June 02, 2016

BIRMINGHAM, Ala. - In a study recently published in the American Heart Association journal Stroke, investigators in the REasons for Geographical And Racial Differences in Stroke Study, or REGARDS, found that blacks are four times more likely to die of stroke at age 45 than their white counterparts because blacks have more strokes, not because blacks who have a stroke are more likely to die than whites who have a stroke.

Important insights from the study and risk factors that lead to stroke indicate changes that are needed in Americans' health habits and in primary health care to reduce the excess number of deaths from stroke in the black population.

"Since the driving force of the racial difference in stroke deaths is the larger number of strokes in blacks, to reduce this disparity we have to focus on factors prior to the stroke's ever happening," said George Howard, Dr.P.H., lead author and professor of biostatistics at the University of Alabama at Birmingham School of Public Health. "We need to do more to focus on prevention and control of risk factors before they result in a stroke. While it is important to ensure that blacks and whites receive the same care once a stroke happens, any differences in care once the stroke happens do not appear to be the reason that blacks die more from stroke."

Most research focuses on treating stroke patients and preventing recurrent stroke. Few studies look at whether an elevated stroke rate in blacks is the predictor for more stroke deaths.

"We need more aggressive prevention efforts for stroke risk factors, particularly focusing on why blacks have more strokes," said Virginia Howard, Ph.D., professor in the UAB School of Public Health Department of Epidemiology. "Racial differences in the development and control of risk factors are to blame."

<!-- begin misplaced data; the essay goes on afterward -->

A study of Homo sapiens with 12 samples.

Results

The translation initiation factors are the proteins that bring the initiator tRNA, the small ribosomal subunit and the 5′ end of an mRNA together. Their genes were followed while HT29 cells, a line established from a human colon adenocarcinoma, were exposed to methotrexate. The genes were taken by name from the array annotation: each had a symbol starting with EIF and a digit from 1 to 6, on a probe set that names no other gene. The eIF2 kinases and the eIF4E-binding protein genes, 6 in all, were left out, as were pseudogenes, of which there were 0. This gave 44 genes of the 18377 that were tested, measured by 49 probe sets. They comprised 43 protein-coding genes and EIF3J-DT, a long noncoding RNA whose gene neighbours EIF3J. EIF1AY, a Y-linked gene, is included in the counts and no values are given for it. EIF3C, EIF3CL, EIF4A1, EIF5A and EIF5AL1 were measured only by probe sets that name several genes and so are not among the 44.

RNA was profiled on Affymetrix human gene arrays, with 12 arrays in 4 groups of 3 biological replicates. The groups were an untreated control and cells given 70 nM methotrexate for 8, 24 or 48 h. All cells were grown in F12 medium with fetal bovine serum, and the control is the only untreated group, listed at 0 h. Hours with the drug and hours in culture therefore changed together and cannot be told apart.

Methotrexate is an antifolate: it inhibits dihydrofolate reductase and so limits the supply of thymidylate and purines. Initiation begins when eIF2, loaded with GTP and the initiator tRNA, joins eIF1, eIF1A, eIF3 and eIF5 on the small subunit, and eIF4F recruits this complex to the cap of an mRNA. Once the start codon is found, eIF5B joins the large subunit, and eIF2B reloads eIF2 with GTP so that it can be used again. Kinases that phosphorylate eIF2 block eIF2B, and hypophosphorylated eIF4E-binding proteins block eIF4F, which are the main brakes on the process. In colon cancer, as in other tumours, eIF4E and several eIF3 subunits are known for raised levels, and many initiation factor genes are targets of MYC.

Traditional and nontraditional risk factors that lead to stroke are more common for blacks, particularly high blood pressure and diabetes. According to study authors, more must be done to address the racial differences and prevention methods for risk factors and reduce the disparity in stroke.

At age 45, the risk of a black person dying from a stroke is four times greater than the risk in a white person; but by age 85 the black-white differences go away. The risk of having a stroke followed a remarkably similar pattern, but there were no black-white differences in the risk of dying once a stroke occurred. Earlier research from the REGARDS study shows that blacks are at a higher risk for a first stroke.

"The magnitude of the public health burden of the racial disparity in stroke is staggering," George Howard said. "We estimate that there were 22,384 additional stroke events in blacks occurring in 2014 above what would be expected relative to rates in whites."

In addition to the human impact of health challenges associated with stroke, there are also economic implications. With a lifelong estimated cost of stroke of $104,000, the black-white difference in stroke costs America more than $2.3 billion annually.

"Efforts that would even marginally reduce this burden would pay remarkable dividends for the United States," he said.

About UAB

Known for its innovative and interdisciplinary approach to education at both the graduate and undergraduate levels, the University of Alabama at Birmingham is the state of Alabama's largest employer and an internationally renowned research university and academic medical center; its professional schools and specialty patient-care programs are consistently ranked among the nation's top 50. UAB's Center for Clinical and Translational Science is advancing innovative discoveries for better health as a two-time recipient of the prestigious Center for Translational Science Award. Find more information at http://www.uab.edu and http://www.uabmedicine.org.

EDITOR'S NOTE: The University of Alabama at Birmingham is a separate, independent institution from the University of Alabama, which is located in Tuscaloosa. Please use University of Alabama at Birmingham on first reference and UAB on all subsequent references.